Obama’s Chief Of Staff Admits They Want Tyranny

Obama’s Chief Of Staff Admits They Want Tyranny

Denis McDonough says Obama’s administration doesn’t want his executive orders subject to anything so piddly and irritating as Congress.

The White House recently made an amazing—and disturbingly un-American—pronouncement regarding its desire to move its agenda via executive actions. In describing the administration’s intent to pursue “audacious” executive orders, White House Chief of Staff Denis McDonough stated the Obama administration’s desire that its actions “not be subjected to undoing through [Congress] or otherwise.”

Of course, Americans are accustomed to presidents using executive authority to forward their preferred public policies, especially when the popular will reflected in Congress stymies their agenda. But think carefully about the end goal animating the Obama administration’s upcoming actions, as articulated by McDonough: policy decisions that cannot be undone by Congress “or otherwise,” which seems broad enough a term to encompass the judiciary or any other source of government authority.

Unchecked Power Degrades Into Tyranny

The Founders had a term for the idea of government actions being “subject to undoing” by other public institutions. As noted and explained in Federalist 51, they were called “checks and balances.” James Madison summarized the wisdom and need for these checks: “A dependence on the people is, no doubt, the primary control on the government; but experience has taught mankind the necessity of auxiliary precautions.”

Unchecked political power ultimately and inevitably undermines the freedom of the governed.

The experience of the Founders taught them that unchecked political power ultimately and inevitably undermines the freedom of the governed, making proper internal checks and balances on power within government critically important to ordered liberty.

It seems Obama administration does not care to heed the experience our Founders relied upon. From a shallow perspective, such disregard for American wisdom makes sense. No one really likes having his potential accomplishments quashed before they materialize or, worse yet, struck down after the fact by those with a differing view.

But Dealing With Dissenters Is Annoying

This only highlights the deeper wisdom of the American constitutional order. The Founders established a system of ordered liberty that would check these shallow inclinations of human nature by balancing private and institutional political interests against their myriad (and harmful) expressions.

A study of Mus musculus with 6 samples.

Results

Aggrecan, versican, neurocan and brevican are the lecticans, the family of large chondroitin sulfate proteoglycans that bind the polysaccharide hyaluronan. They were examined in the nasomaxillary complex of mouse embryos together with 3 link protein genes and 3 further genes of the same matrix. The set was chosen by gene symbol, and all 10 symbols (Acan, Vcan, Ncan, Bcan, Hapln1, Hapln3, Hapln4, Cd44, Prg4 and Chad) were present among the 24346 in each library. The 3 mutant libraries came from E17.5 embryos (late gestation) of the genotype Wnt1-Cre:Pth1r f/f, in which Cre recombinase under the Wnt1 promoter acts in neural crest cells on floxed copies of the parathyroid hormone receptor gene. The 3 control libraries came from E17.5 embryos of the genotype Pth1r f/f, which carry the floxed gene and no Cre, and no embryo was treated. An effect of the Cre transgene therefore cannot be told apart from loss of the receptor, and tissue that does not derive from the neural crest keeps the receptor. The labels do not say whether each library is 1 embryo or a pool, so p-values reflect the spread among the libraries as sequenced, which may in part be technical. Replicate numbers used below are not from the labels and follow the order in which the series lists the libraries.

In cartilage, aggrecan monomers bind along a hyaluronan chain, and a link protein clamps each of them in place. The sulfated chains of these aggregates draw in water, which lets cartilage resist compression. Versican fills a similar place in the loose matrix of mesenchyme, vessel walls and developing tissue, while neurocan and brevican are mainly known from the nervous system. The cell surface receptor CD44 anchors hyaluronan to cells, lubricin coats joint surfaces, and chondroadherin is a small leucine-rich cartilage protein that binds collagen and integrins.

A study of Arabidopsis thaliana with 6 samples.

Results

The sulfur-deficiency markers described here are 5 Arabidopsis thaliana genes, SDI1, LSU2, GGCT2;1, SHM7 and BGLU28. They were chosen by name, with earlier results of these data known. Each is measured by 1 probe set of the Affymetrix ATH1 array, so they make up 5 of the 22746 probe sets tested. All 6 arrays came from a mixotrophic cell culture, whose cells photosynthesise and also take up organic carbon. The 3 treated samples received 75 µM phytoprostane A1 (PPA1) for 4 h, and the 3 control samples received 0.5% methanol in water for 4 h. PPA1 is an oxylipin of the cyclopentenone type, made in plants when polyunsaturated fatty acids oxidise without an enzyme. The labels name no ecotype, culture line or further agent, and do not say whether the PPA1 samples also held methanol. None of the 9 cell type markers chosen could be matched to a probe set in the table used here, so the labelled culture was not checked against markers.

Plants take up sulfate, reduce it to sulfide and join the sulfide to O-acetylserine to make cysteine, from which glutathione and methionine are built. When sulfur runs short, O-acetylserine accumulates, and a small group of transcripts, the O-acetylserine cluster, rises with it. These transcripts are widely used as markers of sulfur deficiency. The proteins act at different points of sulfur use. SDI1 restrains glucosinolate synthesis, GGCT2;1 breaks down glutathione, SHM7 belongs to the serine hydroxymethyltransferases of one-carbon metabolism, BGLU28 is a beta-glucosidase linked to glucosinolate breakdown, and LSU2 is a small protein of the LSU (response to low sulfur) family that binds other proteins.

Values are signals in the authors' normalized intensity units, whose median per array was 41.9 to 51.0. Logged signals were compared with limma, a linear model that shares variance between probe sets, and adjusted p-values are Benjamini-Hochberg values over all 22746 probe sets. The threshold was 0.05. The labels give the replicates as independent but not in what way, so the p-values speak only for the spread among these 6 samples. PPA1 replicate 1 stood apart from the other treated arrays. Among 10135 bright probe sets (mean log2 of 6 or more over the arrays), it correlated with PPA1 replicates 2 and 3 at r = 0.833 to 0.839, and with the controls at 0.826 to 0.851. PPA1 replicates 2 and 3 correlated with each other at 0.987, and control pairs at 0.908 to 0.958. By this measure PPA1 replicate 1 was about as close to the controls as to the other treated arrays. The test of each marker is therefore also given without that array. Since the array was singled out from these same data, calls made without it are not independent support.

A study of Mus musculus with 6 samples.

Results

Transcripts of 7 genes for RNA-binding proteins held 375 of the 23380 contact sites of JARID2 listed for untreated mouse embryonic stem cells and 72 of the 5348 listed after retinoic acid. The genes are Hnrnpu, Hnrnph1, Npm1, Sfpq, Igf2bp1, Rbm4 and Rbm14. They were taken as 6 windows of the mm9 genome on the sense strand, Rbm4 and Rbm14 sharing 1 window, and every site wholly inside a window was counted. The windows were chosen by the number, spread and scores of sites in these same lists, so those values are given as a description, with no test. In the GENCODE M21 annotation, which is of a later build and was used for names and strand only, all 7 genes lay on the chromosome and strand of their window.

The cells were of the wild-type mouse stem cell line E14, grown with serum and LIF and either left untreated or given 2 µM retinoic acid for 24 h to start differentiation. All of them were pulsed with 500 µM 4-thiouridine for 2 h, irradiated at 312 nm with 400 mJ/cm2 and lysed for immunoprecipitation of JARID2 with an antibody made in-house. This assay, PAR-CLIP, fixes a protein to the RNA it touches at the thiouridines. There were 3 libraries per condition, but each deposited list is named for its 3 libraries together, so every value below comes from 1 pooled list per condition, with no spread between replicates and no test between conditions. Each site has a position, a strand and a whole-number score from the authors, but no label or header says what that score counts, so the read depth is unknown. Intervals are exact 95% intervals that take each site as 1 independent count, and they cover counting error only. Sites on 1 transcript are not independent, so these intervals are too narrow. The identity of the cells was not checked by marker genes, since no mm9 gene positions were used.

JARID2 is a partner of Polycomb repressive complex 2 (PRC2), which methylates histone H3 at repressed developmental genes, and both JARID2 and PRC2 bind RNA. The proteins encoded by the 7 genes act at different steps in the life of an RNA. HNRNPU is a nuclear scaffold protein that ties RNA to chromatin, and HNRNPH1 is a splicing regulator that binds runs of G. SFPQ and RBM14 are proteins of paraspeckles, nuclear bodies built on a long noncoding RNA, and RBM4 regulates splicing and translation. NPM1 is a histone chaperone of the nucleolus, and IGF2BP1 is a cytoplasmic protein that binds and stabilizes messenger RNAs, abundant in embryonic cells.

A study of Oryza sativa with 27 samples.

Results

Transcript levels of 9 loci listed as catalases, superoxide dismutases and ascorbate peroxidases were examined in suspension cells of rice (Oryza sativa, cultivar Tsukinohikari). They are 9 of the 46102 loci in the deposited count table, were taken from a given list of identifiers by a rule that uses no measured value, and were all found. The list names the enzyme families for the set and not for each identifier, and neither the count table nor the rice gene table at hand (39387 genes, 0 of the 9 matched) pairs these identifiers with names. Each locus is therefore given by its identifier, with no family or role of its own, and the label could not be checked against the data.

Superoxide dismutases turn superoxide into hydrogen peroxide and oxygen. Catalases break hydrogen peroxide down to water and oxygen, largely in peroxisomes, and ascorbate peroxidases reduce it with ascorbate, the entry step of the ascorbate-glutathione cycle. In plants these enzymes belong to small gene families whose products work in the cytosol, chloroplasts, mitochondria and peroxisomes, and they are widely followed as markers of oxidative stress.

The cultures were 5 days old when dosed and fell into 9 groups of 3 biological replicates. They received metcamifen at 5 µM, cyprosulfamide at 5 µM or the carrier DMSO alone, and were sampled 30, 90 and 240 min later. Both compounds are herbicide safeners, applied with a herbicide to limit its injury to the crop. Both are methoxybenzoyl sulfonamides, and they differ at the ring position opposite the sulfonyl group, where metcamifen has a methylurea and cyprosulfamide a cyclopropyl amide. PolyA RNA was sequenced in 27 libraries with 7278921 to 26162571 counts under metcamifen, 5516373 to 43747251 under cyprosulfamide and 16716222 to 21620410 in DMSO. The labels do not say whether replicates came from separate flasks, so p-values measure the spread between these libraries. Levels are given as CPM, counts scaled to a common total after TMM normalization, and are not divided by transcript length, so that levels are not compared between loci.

American leaders have accepted such limitations on their authority as simply part of the wisdom of the American way of governance and the price of American freedom.

Over the centuries, many elected American leaders have accepted such limitations on their authority as simply part of the wisdom of the American way of governance and the price of American freedom. Such is apparently not so within the Obama administration, whose progressive ideological goals, it seems, have overtaken their devotion to America’s governing philosophy.

Surely, Obama and his administration officials have their justifications for setting themselves in open opposition to the American ideal of government within ordered liberty. Their justifications likely have a certain logic to them when considered narrowly, and are probably grounded in the administration’s political experience.

They have faced—frustratingly, no doubt—a Congress and a judiciary that have proven unwilling to go along with the president’s progressive agenda. What’s more, Congress has proven dysfunctional for the better part of Obama’s time in office, which would seem to justify entertaining a style of unilateral and unchecked executive governance more akin to an authoritarian regime than a free republic.

This Sword Is Double-Edged

But however reasonable the justifications for an ultimately un-American, anti-constitutional style of governance may seem to the Obama administration, it would better serve its own legacy and the welfare of the American people if they would pay humble heed to prudent counsel offered in an 1854 fragment from President Abraham Lincoln to “take care.”

The justifications you use to prove your authority and ability to revoke another’s rights and interests will one day be turned against you.

As Lincoln highlighted there, the justifications you use to prove your authority and ability to revoke another’s rights and interests will one day be turned against you to justify revoking your own.

So perhaps Obama and his administration officials should “take care” before abandoning the American governing philosophy in pursuit of a progressive agenda, unchecked and unbalanced by Congress and the courts. That’s because if they succeed, when a conservative executive is in place doing the same thing, any calls from progressives to respect their rights and the constitutional limits upon the executive’s authority will be empty, self-serving hypocrisy—principles they would not abide by when given the chance.

That will be because today, when they could have proven their genuine devotion to American governing philosophy by accepting the Founders’ intended limits on executive authority, they threw them over amid Obama’s “audacity.”

Derek Monson is policy director at Sutherland Institute, a conservative think tank based in Salt Lake City.